Since as an adverb
Since is an adverb of time commonly used with the present perfect or present perfect continuous tense.
- I haven’t seen him since last week.
- It has been raining since morning.
- I have been working since lunchtime.
- I have been waiting for the parcel since Tuesday.
Since can also mean ‘between some time in the past and the present time’.
- Last Sunday he went for a drive and has not been seen since.
Since can also be used with past perfect tenses.
- It took me years to get over my break up with Susie. We had been seeing each other since our university days.
Difference between since and for
Since is used with a point of time in the past. For indicates duration.
- It has been raining since morning. (NOT It has been raining since four hours.)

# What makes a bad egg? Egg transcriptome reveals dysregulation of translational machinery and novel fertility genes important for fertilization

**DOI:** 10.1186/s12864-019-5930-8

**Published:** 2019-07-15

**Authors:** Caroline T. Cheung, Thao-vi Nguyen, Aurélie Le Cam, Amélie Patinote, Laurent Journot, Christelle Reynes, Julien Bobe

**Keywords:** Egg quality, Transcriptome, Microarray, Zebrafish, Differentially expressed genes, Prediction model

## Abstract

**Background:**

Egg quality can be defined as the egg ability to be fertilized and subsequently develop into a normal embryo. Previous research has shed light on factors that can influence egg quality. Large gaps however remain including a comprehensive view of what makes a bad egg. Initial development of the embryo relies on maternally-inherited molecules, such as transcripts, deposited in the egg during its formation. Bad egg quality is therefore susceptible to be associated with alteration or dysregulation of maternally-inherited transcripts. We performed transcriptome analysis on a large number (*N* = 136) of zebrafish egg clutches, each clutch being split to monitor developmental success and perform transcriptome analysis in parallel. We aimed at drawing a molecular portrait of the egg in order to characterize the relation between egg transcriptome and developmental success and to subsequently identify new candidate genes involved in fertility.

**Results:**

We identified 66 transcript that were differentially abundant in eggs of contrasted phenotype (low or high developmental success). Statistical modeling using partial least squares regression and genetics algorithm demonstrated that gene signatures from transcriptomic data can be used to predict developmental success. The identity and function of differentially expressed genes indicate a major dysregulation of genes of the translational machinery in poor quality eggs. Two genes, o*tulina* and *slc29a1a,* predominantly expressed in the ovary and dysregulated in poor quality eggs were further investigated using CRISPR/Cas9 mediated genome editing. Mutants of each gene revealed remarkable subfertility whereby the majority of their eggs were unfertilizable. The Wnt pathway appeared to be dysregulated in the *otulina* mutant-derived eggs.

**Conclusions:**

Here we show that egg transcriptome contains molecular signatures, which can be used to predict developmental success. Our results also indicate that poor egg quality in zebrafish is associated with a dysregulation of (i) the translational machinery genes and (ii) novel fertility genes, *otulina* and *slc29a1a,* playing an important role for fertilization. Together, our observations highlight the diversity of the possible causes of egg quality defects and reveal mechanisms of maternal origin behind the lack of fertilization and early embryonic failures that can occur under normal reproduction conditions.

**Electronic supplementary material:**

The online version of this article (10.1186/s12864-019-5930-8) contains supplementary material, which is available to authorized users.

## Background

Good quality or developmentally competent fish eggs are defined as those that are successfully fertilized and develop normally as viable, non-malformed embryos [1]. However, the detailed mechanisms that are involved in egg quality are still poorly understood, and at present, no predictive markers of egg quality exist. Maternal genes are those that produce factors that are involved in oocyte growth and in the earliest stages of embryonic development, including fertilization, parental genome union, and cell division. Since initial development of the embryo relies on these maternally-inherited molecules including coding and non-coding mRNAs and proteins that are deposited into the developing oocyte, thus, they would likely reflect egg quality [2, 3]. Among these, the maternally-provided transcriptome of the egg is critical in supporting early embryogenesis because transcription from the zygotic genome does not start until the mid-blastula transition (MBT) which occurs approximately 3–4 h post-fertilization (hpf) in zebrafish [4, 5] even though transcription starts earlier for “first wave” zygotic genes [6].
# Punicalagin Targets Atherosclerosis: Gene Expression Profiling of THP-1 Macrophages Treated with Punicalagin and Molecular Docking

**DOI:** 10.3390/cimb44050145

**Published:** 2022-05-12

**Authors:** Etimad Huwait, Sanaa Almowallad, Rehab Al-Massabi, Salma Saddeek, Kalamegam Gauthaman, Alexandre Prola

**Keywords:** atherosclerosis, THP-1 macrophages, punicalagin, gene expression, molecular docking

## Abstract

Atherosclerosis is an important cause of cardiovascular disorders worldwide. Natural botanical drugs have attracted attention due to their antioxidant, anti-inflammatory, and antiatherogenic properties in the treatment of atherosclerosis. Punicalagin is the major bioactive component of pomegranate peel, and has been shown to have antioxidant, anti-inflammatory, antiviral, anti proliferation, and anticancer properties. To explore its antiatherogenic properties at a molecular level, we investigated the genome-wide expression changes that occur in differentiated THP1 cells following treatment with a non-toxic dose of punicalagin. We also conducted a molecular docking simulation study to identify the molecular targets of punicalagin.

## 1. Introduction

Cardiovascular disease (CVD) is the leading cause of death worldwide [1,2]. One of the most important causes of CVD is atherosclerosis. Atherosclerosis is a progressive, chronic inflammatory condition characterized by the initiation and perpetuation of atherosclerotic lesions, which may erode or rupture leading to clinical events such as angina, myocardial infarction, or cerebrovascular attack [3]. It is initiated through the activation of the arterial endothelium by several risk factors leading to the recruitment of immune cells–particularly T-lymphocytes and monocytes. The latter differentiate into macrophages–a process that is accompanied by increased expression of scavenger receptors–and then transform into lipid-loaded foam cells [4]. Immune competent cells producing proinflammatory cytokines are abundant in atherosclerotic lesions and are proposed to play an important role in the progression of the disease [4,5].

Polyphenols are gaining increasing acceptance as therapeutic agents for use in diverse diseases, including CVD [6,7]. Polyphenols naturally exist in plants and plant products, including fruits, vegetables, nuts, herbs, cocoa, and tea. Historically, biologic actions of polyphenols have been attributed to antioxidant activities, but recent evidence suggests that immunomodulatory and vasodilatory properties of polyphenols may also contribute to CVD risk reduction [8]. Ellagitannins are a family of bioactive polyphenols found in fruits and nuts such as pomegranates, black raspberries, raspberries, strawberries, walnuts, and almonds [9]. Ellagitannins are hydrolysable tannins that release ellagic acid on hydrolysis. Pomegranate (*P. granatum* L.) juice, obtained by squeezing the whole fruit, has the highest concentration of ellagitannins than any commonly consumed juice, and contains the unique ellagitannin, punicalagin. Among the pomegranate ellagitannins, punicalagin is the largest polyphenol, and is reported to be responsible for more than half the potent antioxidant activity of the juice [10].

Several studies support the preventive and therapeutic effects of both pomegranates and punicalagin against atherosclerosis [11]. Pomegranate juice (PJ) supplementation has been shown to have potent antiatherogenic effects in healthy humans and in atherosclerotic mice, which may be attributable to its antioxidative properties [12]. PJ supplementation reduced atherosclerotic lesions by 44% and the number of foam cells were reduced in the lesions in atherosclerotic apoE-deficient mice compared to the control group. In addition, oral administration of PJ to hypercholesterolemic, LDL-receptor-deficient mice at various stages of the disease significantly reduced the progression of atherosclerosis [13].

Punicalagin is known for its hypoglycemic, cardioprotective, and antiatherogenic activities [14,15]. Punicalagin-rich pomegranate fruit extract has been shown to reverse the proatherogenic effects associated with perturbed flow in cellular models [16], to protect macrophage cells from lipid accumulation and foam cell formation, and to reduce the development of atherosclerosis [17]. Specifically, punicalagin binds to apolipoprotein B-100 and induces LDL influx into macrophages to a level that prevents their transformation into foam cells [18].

- It has been raining for four hours.
Since as a preposition
When since is used as a preposition, present and past tenses are also possible.
- I haven’t met her since her marriage.
- Things weren’t going so well since his father’s death.
- She isn’t doing very well since her operation.
Since as a conjunction
Since can also be used as a subordinating conjunction. We can use perfect or past tenses in the since-clause. A since-clause can show cause or time.
- Since he hadn’t paid the bill, his electricity was cut off.
- Since he has apologized, we will not take any further actions against him.
- Since we have no money, we can’t buy anything.
- I have admired him since I was a boy.
- I haven’t seen them since we moved to Mumbai.